Customer Service | Help | FAQ | PEP-Easy | Report a Data Error | About
:
Login
Tip: To search for text within the article you are viewing…

PEP-Web Tip of the Day

You can use the search tool of your web browser to perform an additional search within the current article (the one you are viewing). Simply press Ctrl + F on a Windows computer, or Command + F if you are using an Apple computer.

For the complete list of tips, see PEP-Web Tips on the PEP-Web support page.

Kahn, L. (2014). The Third Place: On J.-B. Pontalis, ‘No, Twice No’. Int. J. Psycho-Anal., 95(3):553-562.

(2014). International Journal of Psycho-Analysis, 95(3):553-562

The Third Place: On J.-B. Pontalis, ‘No, Twice No

Laurence Kahn

(Accepted for publication 28 March 2014)

“I believe that an analysis can only be fruitful if the analyst is not assured of an answer from the outset and provided he, himself, feels implicated and lets himself be reached in what he does not know” (1970, p. 23). Interviewed by Otto Hahn in 1970 on his engagement with psychoanalysis, J.-B. Pontalis then stipulates how the distinction between theory and practice makes no sense in his view: “Even if one's position is ‘empirical’ so to speak, i.e. if one sticks to the therapeutic frame and the analytic situation, the situation itself presupposes a minimum amount of theoretical notions in order to be established” (1970, pp. 13-14). A coincidence? Pontalis takes the example of Beyond the Pleasure Principle, a text which, however speculative it might be, had a huge impact, Pontalis stresses, not only on analytic theory, leading to well-known divisions, but also on analytic practice. By introducing the death drive, by forging an alliance between a drive-related force heretofore tied to life and sexuality and another force of dislocation, of fragmentation, Freud primarily seeks to account for the impasses that arise from the clinical confrontation with conditions at the border of the analysable. To Pontalis, it is therefore impossible to overlook such an “inconceivable concept, unless we are in fact conceived by it” (1976, p. 248). Impossible to ignore that negative power and elude the effects of that process of unbinding, of rupture, but also and equally of closure.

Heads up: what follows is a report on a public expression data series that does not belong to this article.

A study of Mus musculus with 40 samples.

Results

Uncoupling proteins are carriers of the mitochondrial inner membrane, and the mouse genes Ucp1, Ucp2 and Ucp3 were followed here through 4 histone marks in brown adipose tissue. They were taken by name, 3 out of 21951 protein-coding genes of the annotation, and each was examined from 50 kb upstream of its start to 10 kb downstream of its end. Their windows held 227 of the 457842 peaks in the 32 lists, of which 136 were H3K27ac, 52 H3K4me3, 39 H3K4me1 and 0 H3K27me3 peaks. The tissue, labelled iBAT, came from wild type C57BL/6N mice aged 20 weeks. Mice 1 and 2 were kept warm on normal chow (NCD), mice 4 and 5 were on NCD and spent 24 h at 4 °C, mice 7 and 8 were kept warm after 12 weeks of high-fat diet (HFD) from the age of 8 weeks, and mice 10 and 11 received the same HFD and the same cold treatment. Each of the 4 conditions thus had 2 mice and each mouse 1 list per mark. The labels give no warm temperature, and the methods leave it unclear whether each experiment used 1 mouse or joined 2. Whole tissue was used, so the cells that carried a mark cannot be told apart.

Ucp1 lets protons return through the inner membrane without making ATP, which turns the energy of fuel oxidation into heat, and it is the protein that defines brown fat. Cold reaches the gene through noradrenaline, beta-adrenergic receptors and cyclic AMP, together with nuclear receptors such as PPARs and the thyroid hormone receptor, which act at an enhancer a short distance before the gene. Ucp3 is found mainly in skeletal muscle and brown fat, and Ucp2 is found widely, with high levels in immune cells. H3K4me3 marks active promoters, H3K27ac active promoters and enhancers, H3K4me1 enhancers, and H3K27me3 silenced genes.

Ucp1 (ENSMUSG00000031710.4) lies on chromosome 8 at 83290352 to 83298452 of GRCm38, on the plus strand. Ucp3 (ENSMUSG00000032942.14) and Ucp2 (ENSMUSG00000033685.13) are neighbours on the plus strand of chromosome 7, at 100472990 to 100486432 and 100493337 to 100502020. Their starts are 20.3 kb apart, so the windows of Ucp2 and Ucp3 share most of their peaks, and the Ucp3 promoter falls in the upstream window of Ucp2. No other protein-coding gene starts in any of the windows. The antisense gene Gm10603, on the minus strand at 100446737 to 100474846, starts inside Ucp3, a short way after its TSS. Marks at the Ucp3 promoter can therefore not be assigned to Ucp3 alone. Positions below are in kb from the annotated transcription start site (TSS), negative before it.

[This is a summary excerpt from the full text of the journal article. The full text of the document is available to journal subscribers on the publisher's website here.]

Copyright © 2020, Psychoanalytic Electronic Publishing, ISSN 2472-6982 Customer Service | Help | FAQ | Download PEP Bibliography | Report a Data Error | About

WARNING! This text is printed for personal use. It is copyright to the journal in which it originally appeared. It is illegal to redistribute it in any form.